APPLETON, Wis. — Raised in a family where faith is important, Haley Bridges has always followed the Golden Rule.
“I’ve grown up with being told to be nice to others, so it’s like second nature to help anyone in general,” said Bridges, a junior at St. Francis Xavier High School. In January, friends and strangers witnessed how Bridges put into practice the teaching found in Matthew 7:12.
Bridges began a part-time job at a Chick-fil-A restaurant in Appleton in August. Two months later, Hokule’a Taniguchi, who had moved to nearby Neenah, Wisconsin, from Hawaii to live with her sister, began working at the fast-food eatery.
The two became fast friends.
“When she first talked to me, she started off with a very cheesy pickup line,” said Bridges. “She’s just very goofy like me, so we both got along very well together.”
Bridges soon learned that Hoku, as friends call Taniguchi, rode a bike to and from work, which was about a five-mile round trip.
“One day, she asked me to take her home after work,” Bridges said. “That’s when I found out about her whole living situation. I was kind of shocked because, obviously, Wisconsin weather is kind of bad. I would always help her if she needed rides and make sure she would get there safely.”
On Jan. 10, the restaurant held an employee Christmas party at a Grand Meridian banquet hall. The event included raffle prizes for employees. Bridges said she had heard rumors that a car would be given away.
“When we arrived at the Grand Meridian, one of my friends came up to me and said, ‘There’s actually a car there,'” Bridges said. “Maybe 10 of my friends and me, we decided, ‘Hey, if we get the car, we don’t need a car. We will pull our tickets for Hoku.'”
The car, a 2008 Hyundai Elantra, was the last item to be drawn.
“I didn’t need a second chance to think about it. It’s her car if I win,” Bridges said. “My name got called and we looked at each other and she just started crying. We ran up to each other and hugged each other. Everyone else just ran up to us and hugged us. We were just so happy for Hoku that she could finally have her own car. It was so surreal.”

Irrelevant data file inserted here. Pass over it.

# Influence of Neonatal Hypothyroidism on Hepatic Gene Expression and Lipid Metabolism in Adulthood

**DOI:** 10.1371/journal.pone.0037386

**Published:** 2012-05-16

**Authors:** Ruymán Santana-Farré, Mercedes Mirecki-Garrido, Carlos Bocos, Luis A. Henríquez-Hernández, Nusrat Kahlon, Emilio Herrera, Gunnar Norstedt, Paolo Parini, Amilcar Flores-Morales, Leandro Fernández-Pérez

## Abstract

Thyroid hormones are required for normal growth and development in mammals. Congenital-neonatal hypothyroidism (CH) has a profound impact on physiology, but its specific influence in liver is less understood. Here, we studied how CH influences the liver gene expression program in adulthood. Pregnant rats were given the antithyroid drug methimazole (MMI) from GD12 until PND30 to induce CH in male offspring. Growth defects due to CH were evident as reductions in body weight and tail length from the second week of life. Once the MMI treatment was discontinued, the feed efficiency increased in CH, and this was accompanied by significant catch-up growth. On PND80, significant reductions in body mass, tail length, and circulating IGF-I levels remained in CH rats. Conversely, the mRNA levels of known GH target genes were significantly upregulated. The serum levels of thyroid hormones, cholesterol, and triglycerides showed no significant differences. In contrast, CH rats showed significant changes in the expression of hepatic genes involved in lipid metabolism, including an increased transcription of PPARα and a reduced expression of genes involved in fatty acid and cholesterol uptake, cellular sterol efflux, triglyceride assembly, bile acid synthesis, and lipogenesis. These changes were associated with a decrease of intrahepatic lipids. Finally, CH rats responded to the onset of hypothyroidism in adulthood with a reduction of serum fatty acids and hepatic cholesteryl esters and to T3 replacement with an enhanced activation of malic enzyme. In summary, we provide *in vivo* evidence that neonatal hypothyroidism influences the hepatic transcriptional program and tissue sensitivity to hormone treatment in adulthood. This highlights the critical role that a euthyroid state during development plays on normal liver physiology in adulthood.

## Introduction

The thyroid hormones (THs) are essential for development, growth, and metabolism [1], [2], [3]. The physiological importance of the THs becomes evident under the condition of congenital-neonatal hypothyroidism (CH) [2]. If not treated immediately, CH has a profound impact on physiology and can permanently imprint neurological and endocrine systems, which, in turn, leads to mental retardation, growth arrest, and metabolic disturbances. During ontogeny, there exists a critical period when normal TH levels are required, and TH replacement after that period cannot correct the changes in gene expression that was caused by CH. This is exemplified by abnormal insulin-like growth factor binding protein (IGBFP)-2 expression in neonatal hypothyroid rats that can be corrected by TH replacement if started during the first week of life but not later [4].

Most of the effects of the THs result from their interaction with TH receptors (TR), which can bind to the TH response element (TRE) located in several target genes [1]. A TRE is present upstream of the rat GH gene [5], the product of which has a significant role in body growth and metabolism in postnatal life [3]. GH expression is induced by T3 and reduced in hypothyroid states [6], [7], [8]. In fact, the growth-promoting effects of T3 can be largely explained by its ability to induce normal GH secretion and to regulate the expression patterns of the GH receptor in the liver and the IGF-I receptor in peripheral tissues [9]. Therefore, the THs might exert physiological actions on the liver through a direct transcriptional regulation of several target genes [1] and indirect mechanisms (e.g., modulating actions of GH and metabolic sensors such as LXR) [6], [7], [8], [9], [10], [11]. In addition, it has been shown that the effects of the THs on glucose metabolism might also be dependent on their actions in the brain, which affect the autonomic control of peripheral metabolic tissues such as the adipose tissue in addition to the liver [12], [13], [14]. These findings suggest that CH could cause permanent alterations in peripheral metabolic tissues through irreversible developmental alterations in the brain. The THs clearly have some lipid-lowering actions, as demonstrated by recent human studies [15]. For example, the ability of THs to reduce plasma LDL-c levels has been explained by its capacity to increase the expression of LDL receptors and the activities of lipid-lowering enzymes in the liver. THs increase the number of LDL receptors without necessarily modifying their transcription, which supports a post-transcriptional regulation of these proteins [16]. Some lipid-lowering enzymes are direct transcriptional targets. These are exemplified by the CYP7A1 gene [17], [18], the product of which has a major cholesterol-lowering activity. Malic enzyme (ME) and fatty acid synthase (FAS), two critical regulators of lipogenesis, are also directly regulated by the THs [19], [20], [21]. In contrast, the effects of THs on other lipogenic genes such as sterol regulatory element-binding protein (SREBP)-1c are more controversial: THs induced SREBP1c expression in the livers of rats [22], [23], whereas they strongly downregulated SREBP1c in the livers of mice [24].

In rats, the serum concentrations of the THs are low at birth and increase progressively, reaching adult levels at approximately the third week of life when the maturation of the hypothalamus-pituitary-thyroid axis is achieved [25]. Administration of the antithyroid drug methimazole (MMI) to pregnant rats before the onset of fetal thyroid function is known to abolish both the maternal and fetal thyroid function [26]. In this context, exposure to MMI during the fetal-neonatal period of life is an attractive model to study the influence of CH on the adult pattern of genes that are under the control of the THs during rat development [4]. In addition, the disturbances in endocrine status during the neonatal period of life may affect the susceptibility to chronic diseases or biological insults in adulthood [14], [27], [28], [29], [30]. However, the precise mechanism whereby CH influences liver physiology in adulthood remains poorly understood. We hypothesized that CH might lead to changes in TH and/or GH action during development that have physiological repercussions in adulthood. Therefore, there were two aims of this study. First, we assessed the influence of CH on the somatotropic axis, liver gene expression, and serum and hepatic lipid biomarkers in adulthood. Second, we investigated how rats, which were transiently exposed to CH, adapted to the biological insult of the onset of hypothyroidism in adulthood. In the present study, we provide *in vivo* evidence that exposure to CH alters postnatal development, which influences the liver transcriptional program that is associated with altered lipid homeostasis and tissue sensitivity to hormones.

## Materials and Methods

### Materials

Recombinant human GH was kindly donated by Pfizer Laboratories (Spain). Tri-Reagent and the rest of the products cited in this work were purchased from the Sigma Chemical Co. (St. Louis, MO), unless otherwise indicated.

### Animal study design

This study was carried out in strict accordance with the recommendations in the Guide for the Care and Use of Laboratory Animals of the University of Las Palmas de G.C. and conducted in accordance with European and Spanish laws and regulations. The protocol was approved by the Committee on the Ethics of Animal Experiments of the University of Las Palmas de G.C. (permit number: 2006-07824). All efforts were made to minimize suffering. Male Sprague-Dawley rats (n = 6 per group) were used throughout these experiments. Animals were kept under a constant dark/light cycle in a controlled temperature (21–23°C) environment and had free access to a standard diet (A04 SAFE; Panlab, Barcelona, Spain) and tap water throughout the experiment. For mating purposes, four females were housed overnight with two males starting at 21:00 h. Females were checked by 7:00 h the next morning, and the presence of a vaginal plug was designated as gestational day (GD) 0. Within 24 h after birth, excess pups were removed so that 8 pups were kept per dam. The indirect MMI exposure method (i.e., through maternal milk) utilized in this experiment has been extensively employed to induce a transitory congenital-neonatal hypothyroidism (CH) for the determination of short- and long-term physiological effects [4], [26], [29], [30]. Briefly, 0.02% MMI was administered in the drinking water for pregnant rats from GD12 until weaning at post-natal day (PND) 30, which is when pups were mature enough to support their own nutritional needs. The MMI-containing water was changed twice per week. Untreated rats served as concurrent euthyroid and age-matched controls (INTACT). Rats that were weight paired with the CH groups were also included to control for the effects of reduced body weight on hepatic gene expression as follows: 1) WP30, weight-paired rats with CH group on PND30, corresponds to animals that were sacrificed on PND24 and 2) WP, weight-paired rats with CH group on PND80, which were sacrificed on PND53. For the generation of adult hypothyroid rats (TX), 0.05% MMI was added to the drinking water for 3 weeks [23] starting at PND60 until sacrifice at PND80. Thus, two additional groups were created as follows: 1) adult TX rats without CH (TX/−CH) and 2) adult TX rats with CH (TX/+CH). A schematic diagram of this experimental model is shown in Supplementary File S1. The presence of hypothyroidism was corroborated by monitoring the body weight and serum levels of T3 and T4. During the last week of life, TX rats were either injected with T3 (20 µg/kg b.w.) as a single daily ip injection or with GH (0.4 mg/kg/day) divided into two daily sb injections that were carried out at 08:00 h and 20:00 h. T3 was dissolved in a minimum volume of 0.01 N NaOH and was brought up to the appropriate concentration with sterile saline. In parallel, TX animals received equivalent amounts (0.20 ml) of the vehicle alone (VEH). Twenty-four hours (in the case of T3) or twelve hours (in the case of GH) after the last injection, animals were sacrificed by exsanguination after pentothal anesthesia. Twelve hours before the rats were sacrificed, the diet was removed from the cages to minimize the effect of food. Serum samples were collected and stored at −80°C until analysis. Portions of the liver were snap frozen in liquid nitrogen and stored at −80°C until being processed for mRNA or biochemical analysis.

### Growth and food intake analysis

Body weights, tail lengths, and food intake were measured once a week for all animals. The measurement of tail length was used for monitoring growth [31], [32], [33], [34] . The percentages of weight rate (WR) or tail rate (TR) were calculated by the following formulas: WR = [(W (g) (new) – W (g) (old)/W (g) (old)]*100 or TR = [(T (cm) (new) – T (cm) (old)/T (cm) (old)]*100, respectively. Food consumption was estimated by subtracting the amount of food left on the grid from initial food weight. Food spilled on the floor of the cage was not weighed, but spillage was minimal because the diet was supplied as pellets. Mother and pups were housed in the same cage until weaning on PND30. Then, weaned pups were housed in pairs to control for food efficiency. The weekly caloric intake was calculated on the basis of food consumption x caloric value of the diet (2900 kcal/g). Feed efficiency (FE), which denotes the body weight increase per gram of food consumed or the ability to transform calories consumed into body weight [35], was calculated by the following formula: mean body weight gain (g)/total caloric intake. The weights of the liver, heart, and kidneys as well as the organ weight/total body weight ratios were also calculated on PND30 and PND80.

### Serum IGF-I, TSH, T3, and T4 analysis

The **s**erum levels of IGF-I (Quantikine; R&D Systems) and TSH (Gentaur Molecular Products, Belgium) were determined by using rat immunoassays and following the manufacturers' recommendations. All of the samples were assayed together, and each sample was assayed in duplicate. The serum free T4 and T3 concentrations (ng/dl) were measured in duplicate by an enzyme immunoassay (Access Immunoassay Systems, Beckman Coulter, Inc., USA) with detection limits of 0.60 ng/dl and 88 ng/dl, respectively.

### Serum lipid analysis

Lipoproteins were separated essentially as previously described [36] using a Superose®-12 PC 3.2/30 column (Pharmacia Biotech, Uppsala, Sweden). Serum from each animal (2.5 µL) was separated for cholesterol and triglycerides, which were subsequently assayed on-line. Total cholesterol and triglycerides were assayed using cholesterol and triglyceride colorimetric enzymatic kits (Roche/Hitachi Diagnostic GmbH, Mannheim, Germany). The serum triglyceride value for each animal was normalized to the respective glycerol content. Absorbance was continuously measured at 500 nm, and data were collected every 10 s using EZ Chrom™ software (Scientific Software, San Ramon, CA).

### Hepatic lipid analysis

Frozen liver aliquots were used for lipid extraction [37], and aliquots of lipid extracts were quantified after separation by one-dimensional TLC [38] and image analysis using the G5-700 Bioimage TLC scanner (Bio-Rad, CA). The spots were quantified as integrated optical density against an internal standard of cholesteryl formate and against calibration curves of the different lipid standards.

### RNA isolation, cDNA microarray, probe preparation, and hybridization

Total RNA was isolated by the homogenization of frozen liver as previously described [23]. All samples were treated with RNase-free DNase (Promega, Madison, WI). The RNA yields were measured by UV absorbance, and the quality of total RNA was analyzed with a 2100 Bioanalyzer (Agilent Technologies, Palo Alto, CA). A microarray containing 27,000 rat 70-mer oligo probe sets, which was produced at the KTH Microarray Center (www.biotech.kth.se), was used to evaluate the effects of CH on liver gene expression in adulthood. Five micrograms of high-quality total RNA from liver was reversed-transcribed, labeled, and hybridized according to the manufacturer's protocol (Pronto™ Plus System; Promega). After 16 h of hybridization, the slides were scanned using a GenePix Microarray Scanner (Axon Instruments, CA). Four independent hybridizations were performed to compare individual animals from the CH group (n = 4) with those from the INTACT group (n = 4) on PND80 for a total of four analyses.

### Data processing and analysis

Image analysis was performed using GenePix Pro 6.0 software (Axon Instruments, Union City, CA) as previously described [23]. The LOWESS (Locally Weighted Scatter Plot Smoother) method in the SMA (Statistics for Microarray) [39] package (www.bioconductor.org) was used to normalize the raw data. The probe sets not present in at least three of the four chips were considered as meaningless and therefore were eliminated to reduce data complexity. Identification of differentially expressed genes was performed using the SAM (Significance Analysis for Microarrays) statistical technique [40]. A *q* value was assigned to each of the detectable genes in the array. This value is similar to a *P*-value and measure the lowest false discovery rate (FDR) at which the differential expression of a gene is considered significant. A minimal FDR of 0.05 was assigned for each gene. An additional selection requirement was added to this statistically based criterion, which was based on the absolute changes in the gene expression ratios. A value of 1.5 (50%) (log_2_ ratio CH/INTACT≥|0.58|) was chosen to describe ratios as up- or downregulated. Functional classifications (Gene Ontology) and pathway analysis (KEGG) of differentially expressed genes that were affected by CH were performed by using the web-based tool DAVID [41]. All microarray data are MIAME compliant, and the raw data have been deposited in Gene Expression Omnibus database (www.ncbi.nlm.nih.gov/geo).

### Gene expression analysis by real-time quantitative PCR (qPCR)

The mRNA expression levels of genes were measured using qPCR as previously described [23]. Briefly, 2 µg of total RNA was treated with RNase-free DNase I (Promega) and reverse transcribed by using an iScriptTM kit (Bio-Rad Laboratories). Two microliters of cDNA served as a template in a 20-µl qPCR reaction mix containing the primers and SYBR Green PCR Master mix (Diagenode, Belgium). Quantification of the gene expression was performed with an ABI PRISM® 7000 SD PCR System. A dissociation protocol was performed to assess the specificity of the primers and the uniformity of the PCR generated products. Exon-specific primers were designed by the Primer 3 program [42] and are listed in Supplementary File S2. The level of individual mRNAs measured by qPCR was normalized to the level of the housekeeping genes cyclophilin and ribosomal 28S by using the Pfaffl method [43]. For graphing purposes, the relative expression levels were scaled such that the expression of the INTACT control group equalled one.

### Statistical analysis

Chick-fil-A posted the event on its Facebook page the following day and the two young women were interviewed by news outlets.
“Even after all this news coverage, me and Hoku have been very humble about it,” Bridges said. “There’s really no need to brag. It’s very cool, but we are still living our normal lives.”
She said her Catholic faith has taught her about sacrifice and charity.
“I go to a Catholic school, so that’s what I’ve been taught growing up,” she said. “Giving has always been something that I want to do. And I want to help people, so I had the opportunity to give something major to one of my friends that was very life-changing for both of us.”
Although she did not make a fuss about it, Bridges said she shared the incident with her parents, Ann Jennerjahn and Jim Bridges, and grandmother, Pat Sorenson.
“At first, my mom’s reaction was ‘… You gave away a car? What?’ Then later she was proud of me because she always knew I was like this,” Bridges said. “My grandma was also proud of me. I’ve never seen her this happy before.”
Bridges also told her theology teacher at school, Ann McKnight.
“My theology teacher is the one I’ve been telling the most to,” she said. “So she’s heard it all from the start. She’s just really proud that it all happened.”
“Haley’s act of kindness speaks louder than any words I can impart about our faith,” McKnight told The Compass, newspaper of the Diocese of Green Bay. “Haley did not think twice about gifting the car to someone who needed it more than her. The fact that, out of all the people there, Haley had the winning ticket shows how God used her selflessness for someone else.”
The theology teacher said Bridges’ faith formation and her job at Chick-fil-A “came together as a witness (to the belief) that ‘to give is better than to receive.’ As her theology teacher, it is a blessing to witness.”
As it turned out, Bridges’ kindness was paid forward. After donating the car to Taniguchi, Bridges’ aunt, Debbie Fabel, held a Facebook fundraiser to help Bridges pay off her own car. She had been paying $50 a month on her $4,000 car and the online fundraiser raised enough to cover her remaining payments.
With the season of Lent underway, Bridges had already gotten an early start on the practice of almsgiving. Now she’s working on something else.
“I’m trying to give up sarcasm for Lent,” she said. “I’m just a very sarcastic person.”